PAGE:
Measuring your self worth in likes, follows, and LMAOs might seem better suited to a group of insecure teenagers rather than a high-functioning society, yet we’re deep enough into the social media era to recognise that’s not the case. Directed by Veronica Solomon, Love Me, Fear Me is an arresting exploration of our insatiable appetite for social approval and acceptance. Having screened at over a hundred film festivals and won over 25 honours and mentions, this six-minute claymation short, completed in Solomon’s final year at Konrad Wolf Film University of Babelsberg (Germany), is a strikingly original celebration of movement, and a reflection on a topic as old as humanity itself.
“My idea was to illustrate quite a simple and basic psychological phenomenon”
Love Me, Fear Me is the story of a nameless, metamorphic character who desperately yearns for the audience’s validation. Chasing the spotlight and reinventing itself through colour, gender, shape, and style of motion, the creature will stop at nothing to impress the unseen spectators and avoid their dreaded silence. Despite the simple, stripped-back set design and lack of dialogue, the animation itself is utterly mesmerising, and the character’s plight is deeply affecting.
“My idea was to illustrate quite a simple and basic psychological phenomenon”, Solomon shares with S/W. “Namely the need to be accepted and loved in the society and the willingness to change and adapt in order to achieve that, but also the dangers of losing one’s core psyche while trying too hard.”
To sit back and mock society’s addiction to instant gratification would be wrong of me since I too am very much part of said society. In fact, it’s just human nature, as our brains are deeply wired to seek approval and feel accepted in a social group (or pack). But whilst social media has accelerated the process of being accepted and liked, it has also exacerbated the pain of rejection and isolation.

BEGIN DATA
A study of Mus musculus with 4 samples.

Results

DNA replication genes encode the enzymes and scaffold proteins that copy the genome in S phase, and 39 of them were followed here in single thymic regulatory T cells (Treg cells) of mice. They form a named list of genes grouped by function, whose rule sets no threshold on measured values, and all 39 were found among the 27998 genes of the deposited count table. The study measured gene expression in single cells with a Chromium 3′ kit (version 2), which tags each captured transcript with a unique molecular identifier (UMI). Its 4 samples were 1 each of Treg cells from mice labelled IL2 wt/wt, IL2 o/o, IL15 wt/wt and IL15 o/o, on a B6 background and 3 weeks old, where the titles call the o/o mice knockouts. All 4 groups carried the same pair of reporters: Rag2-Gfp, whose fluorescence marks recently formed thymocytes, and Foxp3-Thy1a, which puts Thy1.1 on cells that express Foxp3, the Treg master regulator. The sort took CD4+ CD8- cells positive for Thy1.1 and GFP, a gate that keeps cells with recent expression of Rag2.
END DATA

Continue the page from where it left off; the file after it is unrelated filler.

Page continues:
Just like the creature in Love Me Fear Me, we often go to great lengths to impress our invisible audience, but the danger in doing so is that our identity within society can become a carefully constructed illusion and a shadow of its true self. It’s a complex concept, but Solomon has done a brilliant job of simplifying and condensing it, without ever sacrificing the emotional impact, by utilising her talent and bringing a lump of clay to life.
The animation morphs contemporary dance with gymnastics and martial arts, and whilst the execution of the transformation is impressive, it’s the way it transcends substance that’s awe-inspiring. Even though our eyes tell us the character is made of clay, and we can see the marks of imperfection left from sculpting each shape by hand, our brains insist that there’s plenty more to it.
Soft flesh becomes hard steel, fire turns into liquid and when the film reaches its crescendo, the shapes become something otherworldly and unrecognisable. Achieving this with stop-motion animation, which is a painstakingly long process (you can see how Veronica made her film in this making-of video), is nothing short of remarkable, but credit is also due to the superb score (Dascha Dauenhauer) and sound design (Julius Rülke, Erik Zaiser and Solomon), which subtly lift the visuals and reinforce the illusion.
Love Me, Fear Me is a visual masterpiece, equally compelling and unsettling as we recognise ourselves in its protagonist. With their slumped shoulders and fast-fading smile, they await the audience’s applause, and with it, the validation we all crave, and a recognition that we belong.
Solomon is now working on “a very short animated film for toddlers, and their parents”.